I’d like to share with you a glimpse into the world of living with Parkinson’s from a patient’s perspective. Being diagnosed with any chronic degenerative disease can be a shock to the system. Accepting and digesting such news is very individual, and a process that covers a gamut of emotions.
Some hope the diagnosis is wrong or remain in denial. Many sufferers struggle with depression which is a common symptom of Parkinson’s and to be perfectly honest, who in their right mind wouldn’t feel down? Other patients decide to stand up and fight, refusing to let this disease get the upper hand. I am of the latter, have a strong fighting spirit, and decided to do something pro-active. I was diagnosed at age 44, and since then have been campaigning, my aim: offering support to fellow sufferers and caregivers whilst creating greater awareness to a disease who everyone recognises by name, yet actually know little about.
Talking to a group of young women, I asked if they’d heard of Parkinson’s, to which they all energetically nodded their heads. I then inquired if anyone could tell me what the symptoms are. A hand shot up and a lady said “shaking.” I agreed, and looked around the room for any other comments, but there were none. Needless to say I took this opportunity to enlighten the audience.
One of the first symptoms, which usually goes unnoticed as it is gradual and not disturbing, is losing one’s sense of smell, which I must confess, on the odd occasion is not altogether a bad thing! However, missing out on the smells of freshly brewed coffee, cinnamon buns, flowers or any of the hundreds of wonderful aromas is upsetting, but let’s face it, it’s not the end of the world. The symptoms that start to follow are remarkably more disturbing, such as shaking or tremors. There are several types, each as unpleasant and annoying as the next, and strange as it may sound, not everyone suffers from the same symptoms. A resting tremor, as it plainly suggests, when sitting doing nothing one’s hands or legs shake. There are also internal tremors, although not visible to anyone else, the sensation is highly unpleasant. Dystonia, which is the most disturbing for others to watch, and exhausting for the sufferer, as it’s like doing a Jane Fonda work out 24/7 (great for losing weight I might hasten to add!)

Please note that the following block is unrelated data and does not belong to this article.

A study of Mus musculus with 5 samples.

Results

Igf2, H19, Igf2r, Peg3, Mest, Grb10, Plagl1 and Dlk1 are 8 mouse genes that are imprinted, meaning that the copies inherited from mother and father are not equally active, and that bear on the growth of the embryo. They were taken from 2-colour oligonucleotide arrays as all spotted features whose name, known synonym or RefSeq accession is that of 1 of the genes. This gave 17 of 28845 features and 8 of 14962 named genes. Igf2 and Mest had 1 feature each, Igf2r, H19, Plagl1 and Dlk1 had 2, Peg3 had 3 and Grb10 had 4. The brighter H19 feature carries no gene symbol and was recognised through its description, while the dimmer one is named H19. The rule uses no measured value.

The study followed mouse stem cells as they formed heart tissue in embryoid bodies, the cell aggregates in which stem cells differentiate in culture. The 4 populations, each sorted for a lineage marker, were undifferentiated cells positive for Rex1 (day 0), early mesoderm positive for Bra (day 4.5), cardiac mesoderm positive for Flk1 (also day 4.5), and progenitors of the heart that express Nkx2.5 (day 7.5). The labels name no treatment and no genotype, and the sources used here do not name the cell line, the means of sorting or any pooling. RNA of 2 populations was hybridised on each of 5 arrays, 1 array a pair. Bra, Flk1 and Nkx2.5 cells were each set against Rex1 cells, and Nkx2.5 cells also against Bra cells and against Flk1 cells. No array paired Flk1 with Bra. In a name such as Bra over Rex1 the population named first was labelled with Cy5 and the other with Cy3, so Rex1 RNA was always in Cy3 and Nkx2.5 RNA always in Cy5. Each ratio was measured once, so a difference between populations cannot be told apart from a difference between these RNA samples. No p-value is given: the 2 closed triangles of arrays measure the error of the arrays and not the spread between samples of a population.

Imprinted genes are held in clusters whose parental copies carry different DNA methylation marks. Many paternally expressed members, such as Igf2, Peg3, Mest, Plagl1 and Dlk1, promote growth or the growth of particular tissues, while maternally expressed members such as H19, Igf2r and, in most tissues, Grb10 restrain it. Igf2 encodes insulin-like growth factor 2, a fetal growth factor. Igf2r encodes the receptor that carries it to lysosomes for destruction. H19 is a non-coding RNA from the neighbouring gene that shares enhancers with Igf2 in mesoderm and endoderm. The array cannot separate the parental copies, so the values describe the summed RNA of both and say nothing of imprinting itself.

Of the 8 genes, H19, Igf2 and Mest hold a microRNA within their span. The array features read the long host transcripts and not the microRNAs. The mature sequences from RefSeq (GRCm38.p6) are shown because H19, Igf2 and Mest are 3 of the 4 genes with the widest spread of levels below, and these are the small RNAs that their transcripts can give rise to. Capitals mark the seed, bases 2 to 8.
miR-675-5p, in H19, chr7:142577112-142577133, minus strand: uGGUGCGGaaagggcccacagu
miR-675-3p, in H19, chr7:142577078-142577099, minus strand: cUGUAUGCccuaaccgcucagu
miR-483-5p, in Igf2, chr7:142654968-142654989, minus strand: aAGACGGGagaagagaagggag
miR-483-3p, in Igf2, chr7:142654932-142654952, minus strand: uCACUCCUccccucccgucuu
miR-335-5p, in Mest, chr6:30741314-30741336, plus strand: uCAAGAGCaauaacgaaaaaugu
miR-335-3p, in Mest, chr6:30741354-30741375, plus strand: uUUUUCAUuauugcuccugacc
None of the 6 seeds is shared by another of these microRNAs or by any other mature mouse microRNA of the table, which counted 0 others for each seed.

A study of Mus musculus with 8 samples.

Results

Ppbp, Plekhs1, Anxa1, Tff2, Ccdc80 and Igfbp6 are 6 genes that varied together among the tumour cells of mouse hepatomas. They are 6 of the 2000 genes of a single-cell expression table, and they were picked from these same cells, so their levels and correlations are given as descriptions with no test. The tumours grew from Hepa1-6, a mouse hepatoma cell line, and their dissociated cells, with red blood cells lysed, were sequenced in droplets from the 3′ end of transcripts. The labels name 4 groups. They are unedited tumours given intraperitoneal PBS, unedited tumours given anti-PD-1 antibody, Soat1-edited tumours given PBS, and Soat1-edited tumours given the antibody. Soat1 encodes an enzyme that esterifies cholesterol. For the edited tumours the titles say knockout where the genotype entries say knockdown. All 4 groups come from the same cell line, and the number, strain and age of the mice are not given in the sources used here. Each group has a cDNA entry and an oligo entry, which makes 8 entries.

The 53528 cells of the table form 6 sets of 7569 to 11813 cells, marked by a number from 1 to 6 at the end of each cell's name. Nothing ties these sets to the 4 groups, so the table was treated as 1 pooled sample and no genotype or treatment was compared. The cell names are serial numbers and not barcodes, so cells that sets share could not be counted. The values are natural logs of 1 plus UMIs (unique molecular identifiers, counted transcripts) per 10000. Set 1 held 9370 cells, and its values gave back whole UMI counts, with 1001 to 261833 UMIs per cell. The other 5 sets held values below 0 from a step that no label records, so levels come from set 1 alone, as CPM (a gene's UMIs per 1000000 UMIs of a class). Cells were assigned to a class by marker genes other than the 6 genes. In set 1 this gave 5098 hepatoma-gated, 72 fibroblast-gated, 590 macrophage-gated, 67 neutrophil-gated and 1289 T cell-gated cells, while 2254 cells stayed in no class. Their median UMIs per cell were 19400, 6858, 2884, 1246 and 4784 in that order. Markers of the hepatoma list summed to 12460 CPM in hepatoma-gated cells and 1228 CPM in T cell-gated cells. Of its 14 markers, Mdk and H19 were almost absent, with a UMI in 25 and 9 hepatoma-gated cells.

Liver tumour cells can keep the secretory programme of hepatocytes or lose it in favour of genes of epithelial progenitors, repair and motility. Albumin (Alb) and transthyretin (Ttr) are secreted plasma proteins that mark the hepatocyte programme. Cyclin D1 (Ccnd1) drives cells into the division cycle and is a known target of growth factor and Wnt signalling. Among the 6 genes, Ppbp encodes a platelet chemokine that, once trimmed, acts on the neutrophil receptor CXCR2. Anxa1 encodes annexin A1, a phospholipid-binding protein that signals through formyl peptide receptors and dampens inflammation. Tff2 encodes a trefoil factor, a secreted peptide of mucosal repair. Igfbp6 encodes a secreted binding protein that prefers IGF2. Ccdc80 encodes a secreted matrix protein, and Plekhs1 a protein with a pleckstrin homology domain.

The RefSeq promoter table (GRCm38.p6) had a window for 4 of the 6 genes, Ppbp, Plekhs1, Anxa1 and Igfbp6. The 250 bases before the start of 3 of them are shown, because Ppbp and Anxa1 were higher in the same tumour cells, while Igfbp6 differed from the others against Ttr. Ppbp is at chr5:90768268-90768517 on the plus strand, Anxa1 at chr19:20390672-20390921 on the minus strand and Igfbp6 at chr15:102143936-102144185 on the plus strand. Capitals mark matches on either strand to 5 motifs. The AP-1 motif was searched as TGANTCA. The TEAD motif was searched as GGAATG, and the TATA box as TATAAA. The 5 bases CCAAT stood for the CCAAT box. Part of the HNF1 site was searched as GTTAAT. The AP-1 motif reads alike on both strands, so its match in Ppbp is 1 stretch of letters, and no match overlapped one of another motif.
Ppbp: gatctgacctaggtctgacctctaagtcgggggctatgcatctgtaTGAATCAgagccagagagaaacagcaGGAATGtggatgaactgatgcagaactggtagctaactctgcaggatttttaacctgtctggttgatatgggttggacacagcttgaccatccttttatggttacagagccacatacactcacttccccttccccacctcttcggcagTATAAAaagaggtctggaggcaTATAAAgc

Slowness of movement (bradykinesia) is yet another delightful addition to the Parkinson’s malady. I used to be as quick as a flash, a master of ‘multi-tasking’, and thoroughly enjoyed walking everywhere. To suddenly have great difficulty in walking, a change in my gait, shuffling and dragging my left foot, I find incredibly annoying. Not to mention ‘freezing’ on occasion, where one is abruptly rooted to the spot and unable to move. This is also accompanied by a general stiffness and rigidity, particularly in the upper body and arms which no longer swing when walking. Like so many women, I love pretty shoes (pathetic I know!). Sadly long gone are the days when I would wear high heels, which now would be plainly dangerous, for another symptom is poor posture, hunched shoulders, and lack of balance. Annoyingly I’m constantly told by my ever loving family, to sit or stand up straight. As for falling, I’ve lost count of how many times I have fallen, but thankfully I haven’t caused any serious damage to the furniture, but have resulted in some rather colourful bruises.
As if this isn’t enough; insomnia, difficulty in swallowing, choking on food or one’s own saliva, loss of dexterity in fingers, stinging eyes from lack of blinking and losing one’s facial expressions. There are quite a few more symptoms as the disease progresses, but maybe you’ve heard enough for one day!
Parkinson’s, is an unwanted gate crasher, who arrived at a party without an invitation and refuses to leave. It envelopes every aspect of one’s life, just as a blanket of snow carpets everything in sight. However this blanket gives neither warmth nor comfort, but impedes one’s life every day with its many debilitating symptoms, and side effects of medications. I’m still here hidden somewhere inside this rigid slow body, my emotions not visible from behind a frozen mask that used to be a smiling face with expressive eyes. I have little strength left to keep up the fight, as Gaucher and Parkinson’s disease overpower my body. But I have a stubborn streak in me, and refuse to give in, apart from which, I have to write another article for next week’s Huffington Post, so I guess I’ll have to carry on fighting!